I'm planning on doing a double layer for the HT with the GG sandwich, but I'm wondering if I should order an extra case for the other rooms where I'm going to have a single layer. One of the other rooms is going to be a billiards room, so it might get a little loud in there, but not much low bass.
 



Several of the other members have had a lot of success by using IG, so you may want to check out some of their threads.

-cuff
 



Allen
 



One of the items already mentioned is that you want to minimize the flex of the drywall and add as much surface area for the green glue and drywall (even in the single layer).


You already have vertical studs every 18 on center (I suppose). Now, take long 1 inch stock (I would use 6 inch width) and run stringers every 12 inches on center HORRIZONTALLY. Now you have nearly 50% coverage for the green glue and have minimized the flexing of the single layer. My hunch is that the added cost of wood might be a wash with simply doubling up on the layers though.


Just an idea. :D
 



All it can provide is (maybe, depending on what the treatment is) a little bit of damping and some improvement (a few dB) in mid/high frequency isolation.


That said, it's very cheap, so perhaps an argument could be made for GG or IG or something on the studs being better than nothing, but you shouldn't get your hopes too high.



Green Glue massively modifies the resonant behavior of the wall, and also creates a situation (when used between layers) where energy doesn't transfer across the wall, resulting in an overhaul of wall performance. adding 1 layer of GG and 1 layer of drywall should improve wall performance ~10dB on full-band theater noise. 2 layers of GG and 2 layers of drywall should improve performance ~15dB. This is all verified with 3rd party tests, and i refer to the entire relevant bandwidth.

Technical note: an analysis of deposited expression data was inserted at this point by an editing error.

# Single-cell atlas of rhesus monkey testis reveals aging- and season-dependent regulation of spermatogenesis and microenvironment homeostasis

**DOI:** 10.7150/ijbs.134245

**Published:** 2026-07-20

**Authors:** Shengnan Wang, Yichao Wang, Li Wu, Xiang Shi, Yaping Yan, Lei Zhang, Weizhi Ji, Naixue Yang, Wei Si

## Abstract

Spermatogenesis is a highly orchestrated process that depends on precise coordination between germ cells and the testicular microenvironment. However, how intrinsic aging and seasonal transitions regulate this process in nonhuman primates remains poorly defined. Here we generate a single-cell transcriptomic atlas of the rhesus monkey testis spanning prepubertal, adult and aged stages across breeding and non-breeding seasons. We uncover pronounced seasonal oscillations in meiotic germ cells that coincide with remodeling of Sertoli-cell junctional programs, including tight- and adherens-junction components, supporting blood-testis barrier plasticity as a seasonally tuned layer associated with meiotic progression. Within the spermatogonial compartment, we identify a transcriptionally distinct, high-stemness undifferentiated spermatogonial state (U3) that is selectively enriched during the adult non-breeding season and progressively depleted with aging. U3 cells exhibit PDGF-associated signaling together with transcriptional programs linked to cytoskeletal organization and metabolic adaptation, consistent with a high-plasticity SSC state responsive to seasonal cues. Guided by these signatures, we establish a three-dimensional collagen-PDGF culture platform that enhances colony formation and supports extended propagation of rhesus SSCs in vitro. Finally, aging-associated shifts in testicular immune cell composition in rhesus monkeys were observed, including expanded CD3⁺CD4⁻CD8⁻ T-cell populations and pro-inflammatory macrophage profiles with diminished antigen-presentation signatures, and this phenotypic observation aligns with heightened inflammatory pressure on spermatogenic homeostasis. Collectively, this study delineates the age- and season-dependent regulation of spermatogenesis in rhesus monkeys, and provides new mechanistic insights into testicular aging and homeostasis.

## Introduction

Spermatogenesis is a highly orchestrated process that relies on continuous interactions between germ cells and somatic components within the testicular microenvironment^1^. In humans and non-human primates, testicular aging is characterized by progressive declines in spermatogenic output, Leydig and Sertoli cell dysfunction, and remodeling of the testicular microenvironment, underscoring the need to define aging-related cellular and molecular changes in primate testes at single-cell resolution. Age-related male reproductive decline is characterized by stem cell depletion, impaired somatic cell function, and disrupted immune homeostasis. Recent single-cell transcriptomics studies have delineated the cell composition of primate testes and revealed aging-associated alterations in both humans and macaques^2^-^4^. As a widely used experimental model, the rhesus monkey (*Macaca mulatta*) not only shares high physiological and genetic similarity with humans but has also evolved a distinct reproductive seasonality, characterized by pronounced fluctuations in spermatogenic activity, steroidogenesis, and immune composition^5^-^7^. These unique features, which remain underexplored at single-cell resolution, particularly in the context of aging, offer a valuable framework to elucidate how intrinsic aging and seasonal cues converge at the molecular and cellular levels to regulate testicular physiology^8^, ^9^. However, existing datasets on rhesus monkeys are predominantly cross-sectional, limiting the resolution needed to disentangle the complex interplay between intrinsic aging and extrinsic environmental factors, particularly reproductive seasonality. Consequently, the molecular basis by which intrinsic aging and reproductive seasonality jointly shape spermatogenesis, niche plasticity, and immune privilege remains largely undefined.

Adding resilient channel and staying at 2 total drywall layers (1 each side) should result in ~3-4dB of improvement, adding resilient channel and double drywlal to both sides should result in ~8-9dB of improvement, perhaps. (give or take)


Adding RSIC clips and double drywall to both sides would result in notably larger improvements than resilient channel. See, the RSIC clips change the behavior of the wall, and provide lovely mechanical decoupling, resulting in a completely different wall.


I haven't a clue what MLV would do for a wall, none of the MLV peddlers shares their data with the public, and i've never seen any.


Adding a 3rd layer of drywall (going to double drywall one side) would add about 3dB of performance, and going to double drywall on both sides would add about 5dB.


Adding IG or GG to the studs alone would not be likely to yield more than 0-3dB net full-band gain if compared in a lab test (the basis for all the comments above).